Saturday, November 9, 2013

Implicit lambdas and thusness: a silly idea

When my brother and I were out camping with our dad, we used to sit around the fire at night and ask all kinds of "what if" questions.

Tonight, I've gotten the kids to sleep, gotten the dishes washed, and did a little amateur skimming of the Romani internet. (Who couldn't love a language that calls a black widow spider yalakráno, and a pear tree ambrolin?)

Now I am tired, and unable to do anything except ask "what if?"

What if you had a functional programming language where the lambda was implicit, so any expression with an unresolved term was a lambda expression, and the unresolved terms were the parameters?

Obviously, you would need a couple of things to make this work. First, you would need to do away with a lot of syntactic sugar, because your parser needs to be able to operate without necessarily knowing anything about the referents of the symbols it is operating on. Second, you would need to have some way to recognize which input values to a lambda expression match which parameters.

But both of those are just conventional matters, not real theoretical difficulties. Let's say, for the sake of this post, that we have a syntax like Lisp, and parameters are ordered as they appear in the source code.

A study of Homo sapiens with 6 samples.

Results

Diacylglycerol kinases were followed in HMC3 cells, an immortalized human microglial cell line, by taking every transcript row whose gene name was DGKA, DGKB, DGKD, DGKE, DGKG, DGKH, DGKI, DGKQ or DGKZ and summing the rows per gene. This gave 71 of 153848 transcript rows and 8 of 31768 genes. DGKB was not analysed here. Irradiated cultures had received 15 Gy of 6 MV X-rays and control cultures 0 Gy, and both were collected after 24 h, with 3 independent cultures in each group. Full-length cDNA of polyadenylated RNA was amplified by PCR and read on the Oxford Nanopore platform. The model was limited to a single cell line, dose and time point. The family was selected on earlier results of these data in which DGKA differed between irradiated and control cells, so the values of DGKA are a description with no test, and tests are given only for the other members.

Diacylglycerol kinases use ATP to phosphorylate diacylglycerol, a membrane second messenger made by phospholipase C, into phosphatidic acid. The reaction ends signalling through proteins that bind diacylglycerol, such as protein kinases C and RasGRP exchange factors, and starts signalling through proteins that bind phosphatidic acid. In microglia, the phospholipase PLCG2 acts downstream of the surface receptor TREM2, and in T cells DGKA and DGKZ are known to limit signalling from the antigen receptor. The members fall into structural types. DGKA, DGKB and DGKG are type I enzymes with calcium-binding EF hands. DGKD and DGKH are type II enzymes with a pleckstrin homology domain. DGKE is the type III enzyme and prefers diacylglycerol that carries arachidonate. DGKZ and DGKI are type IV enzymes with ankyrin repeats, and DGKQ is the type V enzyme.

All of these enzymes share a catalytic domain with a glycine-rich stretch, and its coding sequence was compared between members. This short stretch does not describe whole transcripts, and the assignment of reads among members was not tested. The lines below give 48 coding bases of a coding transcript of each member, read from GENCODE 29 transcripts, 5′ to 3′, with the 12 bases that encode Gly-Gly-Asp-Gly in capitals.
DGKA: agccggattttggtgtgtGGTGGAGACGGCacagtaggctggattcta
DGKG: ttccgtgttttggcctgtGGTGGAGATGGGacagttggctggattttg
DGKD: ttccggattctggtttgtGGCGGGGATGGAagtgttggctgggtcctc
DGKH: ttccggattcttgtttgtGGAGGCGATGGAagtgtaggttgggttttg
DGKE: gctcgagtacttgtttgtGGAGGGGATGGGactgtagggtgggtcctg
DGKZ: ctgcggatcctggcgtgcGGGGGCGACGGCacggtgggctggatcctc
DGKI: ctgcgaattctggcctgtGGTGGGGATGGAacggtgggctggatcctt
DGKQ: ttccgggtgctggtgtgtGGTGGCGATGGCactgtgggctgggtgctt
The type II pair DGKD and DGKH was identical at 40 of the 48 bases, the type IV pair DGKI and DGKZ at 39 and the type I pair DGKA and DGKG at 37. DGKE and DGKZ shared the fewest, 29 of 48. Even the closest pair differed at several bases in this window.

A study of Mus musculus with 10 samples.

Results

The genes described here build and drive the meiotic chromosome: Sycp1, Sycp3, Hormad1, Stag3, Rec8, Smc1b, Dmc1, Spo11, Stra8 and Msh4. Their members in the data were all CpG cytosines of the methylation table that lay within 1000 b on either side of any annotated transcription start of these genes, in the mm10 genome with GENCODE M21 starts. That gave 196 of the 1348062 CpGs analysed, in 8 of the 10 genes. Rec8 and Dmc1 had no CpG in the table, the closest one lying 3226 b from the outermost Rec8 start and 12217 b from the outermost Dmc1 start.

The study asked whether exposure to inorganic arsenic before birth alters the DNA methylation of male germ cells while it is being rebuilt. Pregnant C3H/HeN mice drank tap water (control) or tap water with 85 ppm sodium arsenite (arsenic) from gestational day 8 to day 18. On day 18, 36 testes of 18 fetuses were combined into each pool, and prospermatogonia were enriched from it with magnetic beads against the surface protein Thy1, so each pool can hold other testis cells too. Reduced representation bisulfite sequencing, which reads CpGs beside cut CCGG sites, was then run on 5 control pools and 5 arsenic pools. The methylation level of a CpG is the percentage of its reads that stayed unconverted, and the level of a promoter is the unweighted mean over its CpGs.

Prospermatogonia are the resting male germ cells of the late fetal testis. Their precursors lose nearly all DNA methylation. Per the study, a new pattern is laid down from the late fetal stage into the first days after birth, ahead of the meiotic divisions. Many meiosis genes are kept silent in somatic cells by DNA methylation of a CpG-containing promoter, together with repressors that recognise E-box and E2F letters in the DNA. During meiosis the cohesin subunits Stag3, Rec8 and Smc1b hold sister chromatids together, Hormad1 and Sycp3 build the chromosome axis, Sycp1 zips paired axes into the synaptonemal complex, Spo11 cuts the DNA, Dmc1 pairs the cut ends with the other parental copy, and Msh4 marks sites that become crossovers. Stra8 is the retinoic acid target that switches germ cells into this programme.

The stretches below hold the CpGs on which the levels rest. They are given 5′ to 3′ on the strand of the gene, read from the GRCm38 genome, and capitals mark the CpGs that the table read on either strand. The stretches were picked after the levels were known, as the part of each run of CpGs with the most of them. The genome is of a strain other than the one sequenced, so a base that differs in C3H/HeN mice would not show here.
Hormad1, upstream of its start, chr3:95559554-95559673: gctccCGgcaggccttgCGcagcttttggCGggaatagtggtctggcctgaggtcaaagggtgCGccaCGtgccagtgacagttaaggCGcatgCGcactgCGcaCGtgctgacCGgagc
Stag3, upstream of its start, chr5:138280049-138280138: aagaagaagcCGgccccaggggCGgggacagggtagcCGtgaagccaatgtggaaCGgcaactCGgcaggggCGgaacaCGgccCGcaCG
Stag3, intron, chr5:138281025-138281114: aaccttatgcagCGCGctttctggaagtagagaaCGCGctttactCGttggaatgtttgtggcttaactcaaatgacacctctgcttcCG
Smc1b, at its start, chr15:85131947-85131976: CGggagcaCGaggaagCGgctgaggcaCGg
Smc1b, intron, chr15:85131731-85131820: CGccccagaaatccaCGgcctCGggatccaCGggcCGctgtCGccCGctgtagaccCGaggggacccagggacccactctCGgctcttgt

Now for the second bit: What if you were able to reference a function from within itself using a special term, similar to the way you can use the variable this, self or me in object-oriented languages?

For the sake of this post, let's call this special term thus.

If you had a language with both of these features, you could write a lambda expression for the exponentiation function as follows:

(if (eq x 1) 1 (multiply x (thus (subtract x 1))))

We assume the functions if, eq, multiply, thus, 1 and subtract are known, so the unresolved term is x, which is the sole parameter to the expression.

Now, what if you could take a lambda expression in this language and override some of the known terms, producing functions with similar structure but different behavior? So, maybe have a metafunction called unresolve that returns a term of an expression from the known space to the parameter space. So, if you wanted a function like factorial that took the parameter x and also some function to use instead of multiply, you could say:

(unresolve factorial multiply)

Then you could substitute a different function, like divide:

((unresolve factorial multiply) divide)

These are the sorts of vapid ideas a tired mind produces.